Tuesday, September 25, 2007

Yellow-crowned night heron

One of the more popular bird sightings listed on the MOU list server, for the Twin Cities area, has been an immature yellow-crowned night heron spotted by Lake Hiawatha in south Mpls. Although I have photographed both yellow and black crowned night herons in the past, on my frequent trips to Florida, the yellow-crowned are not very common this far north. So last Thursday, September 20th, I went out to see what I could find. All that I found was a green heron but unfortunately the trip was cut short by thunderstorms that rolled into the area.

So I decided to try again on Sunday. The weather report was supposed to be good so I got up early and headed out before the sun came up. I arrived at around 6:30 and made my way to the area by the golf course where the bird had last been reported. Another birder was behind me heading to the same area. I looked around on the golf course a bit and then the other birders cell phone rang. He told me that the person who had called had spotted the yellow-crown over by the creek, so we headed back that way. By the time we arrived the person who had spotted the bird had lost it in the tree cover. We looked around but we could not find the bird.
As the sun came up and began to light the area we did begin to spot the black-crowned night herons.

With their light color the adults where not too hard to spot.The immature where a different story though. Their color and the striped patterns on their wings and breast blended in real well with the bark of the trees. I continued to search the area for a couple of hours. During that time I saw 4 immature black- crowned, 3 adult black-crowned, quite a few sparrows and warblers and about 20 different birders. We were all looking for the yellow-crowned night heron and we did not have any luck. Finally I decided to leave. Beautiful sunny days are precious in the fall, winter, cold and snow come all too quickly, so I decided that I would go do some birding at Wood Lake Nature Center instead.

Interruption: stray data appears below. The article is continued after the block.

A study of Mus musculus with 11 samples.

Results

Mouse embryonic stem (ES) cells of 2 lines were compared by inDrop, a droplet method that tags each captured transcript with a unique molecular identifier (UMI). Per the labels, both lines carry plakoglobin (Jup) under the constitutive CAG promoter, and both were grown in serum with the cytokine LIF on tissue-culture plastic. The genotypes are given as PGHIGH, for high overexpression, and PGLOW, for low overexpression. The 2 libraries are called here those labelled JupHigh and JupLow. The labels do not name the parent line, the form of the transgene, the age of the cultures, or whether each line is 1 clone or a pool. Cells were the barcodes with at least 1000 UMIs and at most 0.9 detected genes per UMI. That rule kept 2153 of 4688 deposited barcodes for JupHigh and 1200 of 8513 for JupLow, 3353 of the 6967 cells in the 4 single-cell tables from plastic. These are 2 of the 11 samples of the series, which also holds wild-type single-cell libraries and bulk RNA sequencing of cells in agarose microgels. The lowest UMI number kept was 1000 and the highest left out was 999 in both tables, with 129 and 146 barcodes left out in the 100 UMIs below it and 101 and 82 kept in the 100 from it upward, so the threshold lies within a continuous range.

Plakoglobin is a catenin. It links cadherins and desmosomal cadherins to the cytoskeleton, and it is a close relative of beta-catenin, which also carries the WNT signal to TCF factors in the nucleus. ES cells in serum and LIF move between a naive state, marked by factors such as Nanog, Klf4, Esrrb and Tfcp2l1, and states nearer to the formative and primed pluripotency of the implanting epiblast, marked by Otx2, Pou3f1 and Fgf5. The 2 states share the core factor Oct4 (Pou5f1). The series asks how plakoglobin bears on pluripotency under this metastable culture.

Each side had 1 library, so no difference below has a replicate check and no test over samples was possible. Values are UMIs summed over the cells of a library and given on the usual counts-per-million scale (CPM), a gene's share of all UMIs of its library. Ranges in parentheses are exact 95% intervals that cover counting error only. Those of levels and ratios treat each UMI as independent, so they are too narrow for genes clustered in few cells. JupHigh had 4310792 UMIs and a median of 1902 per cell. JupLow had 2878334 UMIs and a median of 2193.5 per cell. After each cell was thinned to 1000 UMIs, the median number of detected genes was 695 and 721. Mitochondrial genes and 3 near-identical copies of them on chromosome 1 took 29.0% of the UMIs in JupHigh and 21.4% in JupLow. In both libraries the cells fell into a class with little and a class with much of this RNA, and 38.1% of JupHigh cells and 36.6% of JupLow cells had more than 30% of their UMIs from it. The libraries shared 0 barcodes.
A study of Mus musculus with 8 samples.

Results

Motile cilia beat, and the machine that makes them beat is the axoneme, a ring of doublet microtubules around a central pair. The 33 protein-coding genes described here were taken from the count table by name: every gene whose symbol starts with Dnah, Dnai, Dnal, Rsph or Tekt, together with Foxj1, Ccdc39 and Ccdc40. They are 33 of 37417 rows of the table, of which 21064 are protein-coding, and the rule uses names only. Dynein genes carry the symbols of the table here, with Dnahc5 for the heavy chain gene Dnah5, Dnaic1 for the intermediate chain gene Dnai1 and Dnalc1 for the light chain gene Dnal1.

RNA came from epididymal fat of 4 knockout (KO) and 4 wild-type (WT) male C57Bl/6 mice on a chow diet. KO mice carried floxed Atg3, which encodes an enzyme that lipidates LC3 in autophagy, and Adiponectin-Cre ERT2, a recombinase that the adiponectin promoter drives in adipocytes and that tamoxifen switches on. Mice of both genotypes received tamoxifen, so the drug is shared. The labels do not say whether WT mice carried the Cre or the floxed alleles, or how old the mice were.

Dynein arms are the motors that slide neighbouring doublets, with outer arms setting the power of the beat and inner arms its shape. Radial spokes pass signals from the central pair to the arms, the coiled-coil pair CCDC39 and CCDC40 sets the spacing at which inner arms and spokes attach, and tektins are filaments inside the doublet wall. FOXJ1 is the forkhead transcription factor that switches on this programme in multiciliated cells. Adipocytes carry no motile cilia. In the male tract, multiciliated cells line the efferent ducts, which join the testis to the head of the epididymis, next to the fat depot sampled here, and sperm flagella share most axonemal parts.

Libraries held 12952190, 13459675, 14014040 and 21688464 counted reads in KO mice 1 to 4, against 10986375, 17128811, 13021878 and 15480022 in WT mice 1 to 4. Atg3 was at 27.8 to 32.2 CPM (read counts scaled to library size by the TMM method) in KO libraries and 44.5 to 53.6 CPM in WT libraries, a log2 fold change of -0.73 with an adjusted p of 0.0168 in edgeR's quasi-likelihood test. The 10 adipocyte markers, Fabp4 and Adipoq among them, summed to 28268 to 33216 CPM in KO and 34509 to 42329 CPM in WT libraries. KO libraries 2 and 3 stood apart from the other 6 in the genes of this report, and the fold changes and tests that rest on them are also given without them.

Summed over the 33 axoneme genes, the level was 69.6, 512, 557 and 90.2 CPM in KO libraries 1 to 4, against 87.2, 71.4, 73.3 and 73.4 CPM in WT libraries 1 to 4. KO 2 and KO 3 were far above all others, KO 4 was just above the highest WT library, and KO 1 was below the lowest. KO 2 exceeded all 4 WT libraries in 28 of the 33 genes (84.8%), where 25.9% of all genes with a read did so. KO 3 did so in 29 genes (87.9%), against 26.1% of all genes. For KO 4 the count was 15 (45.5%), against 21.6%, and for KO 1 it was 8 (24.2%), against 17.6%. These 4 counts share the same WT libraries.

Later that evening I returned to Lake Hiawatha for another try at the yellow-crowned night heron and this time, with the help of several birders who were already there, I was able to get a couple of shots of the bird.He was in a high cotton wood tree near the road. the light was not really good, the sun was already beginning to set, and I had to shoot from quite a ways away. This meant using the teleconverter which means even darker pictures, so I decided to try and see if I could spot the bird from the other side.I did manage to find a hole through the foliage and was able to get a shot. The sun was behind the bird so the lighting was still pretty poor, but you can definitely see the difference between this bird and the immature earlier in the post. At about 7pm he flew off with an immature black-crowned towards the lake so I decided to call it a night.

1 comment:

Leslie said...

Are the Black Crowned Herons common in the Maryland area? I live in Frederick, MD and there is a about 12 adults atleast living in a row of pine trees in a local park. I have been trying to figure out for the last few years what they are and I am about 95% sure that they are these herons. I would love to know if this is something unusual!